Posted May 19, 2022 by Martin Armstrong
COMMENT: Hi Martin! Thank you for all you do. I was discussing the baby formula shortage with my 94-year-old Italian grandmother, and it opened my eyes to how resourceful people can be when left with no alternatives.
Baby formula was not an option in Sicily when her children were born. In fact, she did not learn about baby formula or disposable diapers until she immigrated to America. Disposable diapers were still not an option for poor immigrants and she cleaned each diaper by hand. As for formula, as most mothers know, occasionally it is not possible to produce enough milk for the day. Cow’s milk was never an option as they thought it would harm the baby.
My grandmother explained how she would put a piece of bread in a pot of boiling water, remove the bread, and use the water to feed her baby. Everyone in the town knew one another, and if a woman was having trouble producing milk, she simply would bring her baby to another woman in the town. I asked her if the women charged for their milk and she looked at me as if I were crazy. They did it from the goodness of their heart. There was such a strong sense of community that everyone in the town worked together. I cannot see that happening in today’s society.
REPLY: Times certainly have changed. German chemist Justus von Liebig invented baby formula in 1865 but it was not widely marketed or trusted for decades. Formula was taboo before companies like Nestle launched global marketing campaigns to push mothers to choose formula over breastmilk.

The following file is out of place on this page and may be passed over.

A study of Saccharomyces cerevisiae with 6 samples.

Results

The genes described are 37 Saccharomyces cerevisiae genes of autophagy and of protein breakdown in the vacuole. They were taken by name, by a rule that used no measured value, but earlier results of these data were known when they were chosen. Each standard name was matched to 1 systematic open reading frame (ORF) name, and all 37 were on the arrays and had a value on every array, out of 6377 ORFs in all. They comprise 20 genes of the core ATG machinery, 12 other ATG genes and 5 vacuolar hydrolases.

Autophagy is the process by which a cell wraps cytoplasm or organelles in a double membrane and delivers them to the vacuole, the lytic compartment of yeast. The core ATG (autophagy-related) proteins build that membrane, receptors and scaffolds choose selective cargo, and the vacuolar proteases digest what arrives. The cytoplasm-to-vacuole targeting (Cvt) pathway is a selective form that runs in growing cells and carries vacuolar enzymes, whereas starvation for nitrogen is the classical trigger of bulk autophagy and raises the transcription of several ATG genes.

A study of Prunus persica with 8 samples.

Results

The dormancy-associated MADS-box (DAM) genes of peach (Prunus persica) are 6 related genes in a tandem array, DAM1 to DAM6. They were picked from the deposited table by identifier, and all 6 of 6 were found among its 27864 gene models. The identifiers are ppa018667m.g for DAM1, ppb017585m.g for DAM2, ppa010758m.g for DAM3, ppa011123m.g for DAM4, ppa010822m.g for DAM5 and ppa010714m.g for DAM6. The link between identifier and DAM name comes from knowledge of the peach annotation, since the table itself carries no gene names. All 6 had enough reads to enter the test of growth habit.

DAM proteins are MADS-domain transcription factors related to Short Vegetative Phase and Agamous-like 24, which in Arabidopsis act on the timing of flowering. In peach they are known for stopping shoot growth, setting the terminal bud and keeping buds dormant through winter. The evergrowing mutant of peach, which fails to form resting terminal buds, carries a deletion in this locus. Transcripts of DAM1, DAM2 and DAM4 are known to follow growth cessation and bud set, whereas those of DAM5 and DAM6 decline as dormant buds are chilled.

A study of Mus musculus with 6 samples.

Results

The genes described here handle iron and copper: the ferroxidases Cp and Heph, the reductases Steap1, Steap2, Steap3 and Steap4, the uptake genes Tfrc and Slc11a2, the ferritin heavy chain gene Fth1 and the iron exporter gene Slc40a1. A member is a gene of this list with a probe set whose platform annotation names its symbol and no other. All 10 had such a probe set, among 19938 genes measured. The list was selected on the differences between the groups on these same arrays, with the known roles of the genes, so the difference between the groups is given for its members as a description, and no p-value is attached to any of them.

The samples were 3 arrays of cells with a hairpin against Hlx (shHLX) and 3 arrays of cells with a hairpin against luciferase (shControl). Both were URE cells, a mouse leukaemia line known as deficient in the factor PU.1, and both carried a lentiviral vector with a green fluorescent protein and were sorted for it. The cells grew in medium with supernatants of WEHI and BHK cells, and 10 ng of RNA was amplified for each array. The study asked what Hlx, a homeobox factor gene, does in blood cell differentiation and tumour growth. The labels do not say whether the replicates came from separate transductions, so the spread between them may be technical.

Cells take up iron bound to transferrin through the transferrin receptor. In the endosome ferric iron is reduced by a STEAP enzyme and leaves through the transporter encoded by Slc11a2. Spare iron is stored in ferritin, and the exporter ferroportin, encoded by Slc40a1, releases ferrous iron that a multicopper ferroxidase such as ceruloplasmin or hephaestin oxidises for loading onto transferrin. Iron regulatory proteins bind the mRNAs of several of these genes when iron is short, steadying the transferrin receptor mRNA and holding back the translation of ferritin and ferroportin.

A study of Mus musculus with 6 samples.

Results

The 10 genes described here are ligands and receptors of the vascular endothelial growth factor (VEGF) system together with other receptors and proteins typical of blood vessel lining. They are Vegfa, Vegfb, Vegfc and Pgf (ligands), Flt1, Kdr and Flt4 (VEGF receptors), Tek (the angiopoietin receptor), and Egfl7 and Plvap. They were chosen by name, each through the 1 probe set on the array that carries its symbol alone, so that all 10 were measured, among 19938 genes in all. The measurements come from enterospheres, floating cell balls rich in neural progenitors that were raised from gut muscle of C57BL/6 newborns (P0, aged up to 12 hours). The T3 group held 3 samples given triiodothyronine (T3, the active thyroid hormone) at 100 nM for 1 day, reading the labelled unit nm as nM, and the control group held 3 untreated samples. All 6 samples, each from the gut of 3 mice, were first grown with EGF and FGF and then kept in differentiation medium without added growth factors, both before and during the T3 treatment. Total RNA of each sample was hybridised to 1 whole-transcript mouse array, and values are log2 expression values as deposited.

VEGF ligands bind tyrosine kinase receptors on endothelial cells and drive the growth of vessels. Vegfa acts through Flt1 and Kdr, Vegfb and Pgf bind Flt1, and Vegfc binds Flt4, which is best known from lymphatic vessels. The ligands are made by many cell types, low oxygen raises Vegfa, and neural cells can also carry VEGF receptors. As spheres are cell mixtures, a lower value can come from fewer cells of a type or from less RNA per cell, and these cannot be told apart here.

Wet nurses have existed throughout history. Lactating women were often hired by aristocrats or wealthier individuals to feed their babies. It was not uncommon for poor women who were unable to breastfeed to temporarily give up their baby and become a wet nurse for a different family, hoping to earn enough money essentially to buy her child back. Slaves throughout history were also forced to act as wet nurses for the families they served.
In ancient Rome, they had the columna lactarian (milk column) where mothers could bring their babies and receive milk from a wet nurse. More troubling, the site also became a notorious location for mothers to abandon their unwanted children.
The profession of wet nursing still exists, although you will not find listings on job application sites. The concept of having another women breastfeed a baby is still taboo in modern society and largely unregulated. According to numerous sources, women in the United States will pay a minimum of $1,000 per week to hire a wet nurse, making the option still only feasible for the wealthy. We may see a resurgence of the profession as alternative options no longer exist and people are desperate for additional sources of income.